Davos is a corporatist racket

by Daniel Hannan This will be the last time anti-globalisers […]

by Daniel Hannan

This will be the last time anti-globalisers protest at the World Economic Forum in Davos. From 2016, the ministers, chief executives, columnists and assorted quangocrats who gather at the Swiss resort won’t see so much as a stray dreadlock: eco-protesters say the meeting is no longer worth picketing.

You can see why they might feel conflicted. Davos is a place where powerful people pick up consultancies and directorships and international posts. Left-wingers rightly resent this.

What they see, in Marxist terms, is a gang of rentiers coming together to devise new means to live off the sweat of the workers.Against a background of dazzling, empty slopes – there are no skiers, because every chalet has been hired by an NGO or a multi-national – the few hatch schemes against the many.

Yet, when it comes to free markets, Davos Man is often on the same side as the Lefties. He derives most of his income, directly or indirectly, from state patronage. If he is in the private sector – and he is more likely to be a lobbyist, politician or bureaucrat than a businessman – he’ll be an instinctive monopolist, keen to persuade ministers and officials to raise barriers against his potential rivals. (I say “he”, though his female equivalent can also be found stalking the conference rooms in her sharp trouser suit.)

Some Lefties, in short, may finally be grasping the difference between being anti-business and being anti-market. Others refuse to see any distinction, insisting, with a kind of mulish narcissism, that if A and B both separately disagree with them, then A and B are, to all intents and purposes, indistinguishable.

For the record, most Right-wingers heartily dislike the Davos racket. The only reason we don’t demonstrate in the slush alongside the Occupy crowd is that most of us have jobs. We know in our bones that Davos Man despises us and our values. As Samuel Huntingdon once put it, the delegates “view national boundaries as obstacles that thankfully are vanishing, and see national governments as residues from the past whose only useful function is to facilitate the élite’s global operations.”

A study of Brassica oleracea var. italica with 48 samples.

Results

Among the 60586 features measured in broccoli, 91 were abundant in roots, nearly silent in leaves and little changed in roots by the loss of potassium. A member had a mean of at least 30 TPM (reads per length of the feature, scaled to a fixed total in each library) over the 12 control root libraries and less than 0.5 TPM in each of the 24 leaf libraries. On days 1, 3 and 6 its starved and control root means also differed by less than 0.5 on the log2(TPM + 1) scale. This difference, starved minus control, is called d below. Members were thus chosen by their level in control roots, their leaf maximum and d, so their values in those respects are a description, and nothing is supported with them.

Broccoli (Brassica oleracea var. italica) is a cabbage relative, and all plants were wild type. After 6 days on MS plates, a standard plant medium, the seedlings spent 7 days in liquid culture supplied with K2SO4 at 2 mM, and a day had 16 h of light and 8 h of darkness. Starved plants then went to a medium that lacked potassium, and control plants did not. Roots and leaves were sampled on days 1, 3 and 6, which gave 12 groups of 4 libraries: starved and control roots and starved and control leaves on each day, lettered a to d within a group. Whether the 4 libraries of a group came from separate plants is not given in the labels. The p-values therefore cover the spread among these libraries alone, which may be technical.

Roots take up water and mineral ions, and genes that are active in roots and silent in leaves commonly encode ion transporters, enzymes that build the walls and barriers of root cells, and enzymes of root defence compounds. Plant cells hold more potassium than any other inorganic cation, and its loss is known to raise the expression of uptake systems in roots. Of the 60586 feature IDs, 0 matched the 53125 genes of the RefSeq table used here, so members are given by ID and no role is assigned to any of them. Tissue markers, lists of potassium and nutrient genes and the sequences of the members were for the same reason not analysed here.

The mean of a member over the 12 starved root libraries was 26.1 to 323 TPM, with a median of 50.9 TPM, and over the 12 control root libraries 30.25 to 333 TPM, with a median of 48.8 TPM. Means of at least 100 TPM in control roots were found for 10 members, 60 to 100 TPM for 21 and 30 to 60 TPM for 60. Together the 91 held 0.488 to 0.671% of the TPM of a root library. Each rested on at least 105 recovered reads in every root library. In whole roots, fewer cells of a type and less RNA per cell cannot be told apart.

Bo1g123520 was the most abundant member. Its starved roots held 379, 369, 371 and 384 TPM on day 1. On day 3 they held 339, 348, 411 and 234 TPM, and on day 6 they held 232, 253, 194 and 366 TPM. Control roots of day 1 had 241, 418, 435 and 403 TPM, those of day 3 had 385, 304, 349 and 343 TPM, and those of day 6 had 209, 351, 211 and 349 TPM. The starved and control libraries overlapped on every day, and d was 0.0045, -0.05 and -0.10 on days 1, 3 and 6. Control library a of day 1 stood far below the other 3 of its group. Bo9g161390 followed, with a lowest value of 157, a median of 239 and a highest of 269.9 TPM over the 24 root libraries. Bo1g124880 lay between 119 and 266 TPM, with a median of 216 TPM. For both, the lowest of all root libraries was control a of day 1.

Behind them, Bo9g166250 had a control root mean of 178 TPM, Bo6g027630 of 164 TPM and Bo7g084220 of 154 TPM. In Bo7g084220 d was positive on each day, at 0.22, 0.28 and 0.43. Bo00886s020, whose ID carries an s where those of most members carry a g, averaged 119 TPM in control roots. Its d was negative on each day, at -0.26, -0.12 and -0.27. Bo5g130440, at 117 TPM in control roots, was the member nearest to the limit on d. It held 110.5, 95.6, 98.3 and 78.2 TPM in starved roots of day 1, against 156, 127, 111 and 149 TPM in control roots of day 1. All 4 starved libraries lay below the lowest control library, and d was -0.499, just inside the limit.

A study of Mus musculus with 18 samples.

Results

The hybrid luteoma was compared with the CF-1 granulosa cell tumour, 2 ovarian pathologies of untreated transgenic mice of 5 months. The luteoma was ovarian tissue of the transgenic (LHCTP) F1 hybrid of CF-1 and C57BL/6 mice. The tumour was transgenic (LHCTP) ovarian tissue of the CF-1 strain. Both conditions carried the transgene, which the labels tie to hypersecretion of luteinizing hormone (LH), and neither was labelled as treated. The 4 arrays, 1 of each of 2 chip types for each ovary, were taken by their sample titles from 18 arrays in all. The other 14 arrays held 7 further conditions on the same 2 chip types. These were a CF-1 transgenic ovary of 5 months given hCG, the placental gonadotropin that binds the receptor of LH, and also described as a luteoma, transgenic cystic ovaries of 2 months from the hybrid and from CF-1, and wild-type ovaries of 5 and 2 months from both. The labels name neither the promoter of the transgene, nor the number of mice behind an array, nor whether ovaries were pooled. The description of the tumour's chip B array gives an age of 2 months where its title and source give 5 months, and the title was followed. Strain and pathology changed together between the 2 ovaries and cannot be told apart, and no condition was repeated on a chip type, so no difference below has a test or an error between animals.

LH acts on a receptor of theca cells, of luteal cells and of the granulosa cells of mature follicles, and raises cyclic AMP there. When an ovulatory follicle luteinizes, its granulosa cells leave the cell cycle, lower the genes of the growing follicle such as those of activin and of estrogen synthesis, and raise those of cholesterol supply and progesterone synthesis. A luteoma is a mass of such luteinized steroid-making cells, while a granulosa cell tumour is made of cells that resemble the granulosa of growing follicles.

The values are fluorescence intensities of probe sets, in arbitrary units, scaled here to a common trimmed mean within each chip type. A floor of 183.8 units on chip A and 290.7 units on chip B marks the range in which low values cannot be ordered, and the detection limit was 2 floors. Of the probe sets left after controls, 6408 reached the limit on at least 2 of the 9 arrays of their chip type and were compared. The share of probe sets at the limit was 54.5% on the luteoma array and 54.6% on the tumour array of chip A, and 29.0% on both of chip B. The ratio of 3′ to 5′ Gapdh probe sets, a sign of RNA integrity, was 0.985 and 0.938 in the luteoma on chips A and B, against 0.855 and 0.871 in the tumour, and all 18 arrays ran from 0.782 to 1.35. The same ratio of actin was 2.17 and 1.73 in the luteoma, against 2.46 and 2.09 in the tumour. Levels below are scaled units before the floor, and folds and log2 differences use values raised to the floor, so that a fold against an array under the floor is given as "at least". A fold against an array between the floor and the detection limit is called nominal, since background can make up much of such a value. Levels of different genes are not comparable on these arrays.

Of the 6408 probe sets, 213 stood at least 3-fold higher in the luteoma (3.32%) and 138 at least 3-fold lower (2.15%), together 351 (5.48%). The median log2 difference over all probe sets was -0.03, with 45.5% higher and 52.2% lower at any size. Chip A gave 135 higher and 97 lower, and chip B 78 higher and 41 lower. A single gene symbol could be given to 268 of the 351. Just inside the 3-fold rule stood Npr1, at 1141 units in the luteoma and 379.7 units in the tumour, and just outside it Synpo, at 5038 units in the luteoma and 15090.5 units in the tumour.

All right, you say, but surely it’s useful for powerful people to exchange ideas and learn from each other’s mistakes. Well, yes; but this lot rarely seem to learn. Whatever the problem, their preferred solution is always to establish a global bureaucracy staffed by people like themselves. Obviously, they don’t put it like that. “The stability of the global economy” is a much prettier phrase than “a juicy public sector post for me”.

It’s like an Ayn Rand novel, where lobbyists reach cosy arrangements with each other in elliptical language. Remember the way she described members of a company board? “Men whose careers depended on keeping their faces bland, their remarks inconclusive and their clothes immaculate”. That’s Davos.

If only these men really were as clever as they thought. Or, to be more precise, if only their cleverness translated into making good decisions. In fact, Davos Man consistently gets the big calls wrong. In the 1970s, he was for prices and incomes policies. In the 1980s, he was for the ERM. In the 1990s, he was for the euro. In the 2000s, he was for the bank bailouts.

A whole academic discipline has grown up to explore why bright, educated people make these errors of judgment. One theory is that, being bright, they over-value their hunches. Put a large group of such people together, so that their hunches become self-reinforcing, and you get the disastrous groupthink to which experts are prone.

The World Economic Forum would thus be a dodgy enough event even if all its members were disinterestedly seeking to advance human happiness. But, of course, most of them are doing no such thing. Surrounded by power and patronage, delegates naturally line one another up for jobs – jobs paid for, more often than not, by taxpayers.

A mild aversion to cliché has, until now, held me back from quoting Adam Smith’s most famous aphorism. But, in the context of the World Economic Forum, nothing else will do: “People of the same trade seldom meet together, even for merriment and diversion, but the conversation ends in a conspiracy against the public, or in some contrivance to raise prices.” Yup. And free-marketeers want no part in it.

Source: CapX


The views expressed on austriancenter.com are not necessarily those of the Austrian Economics Center.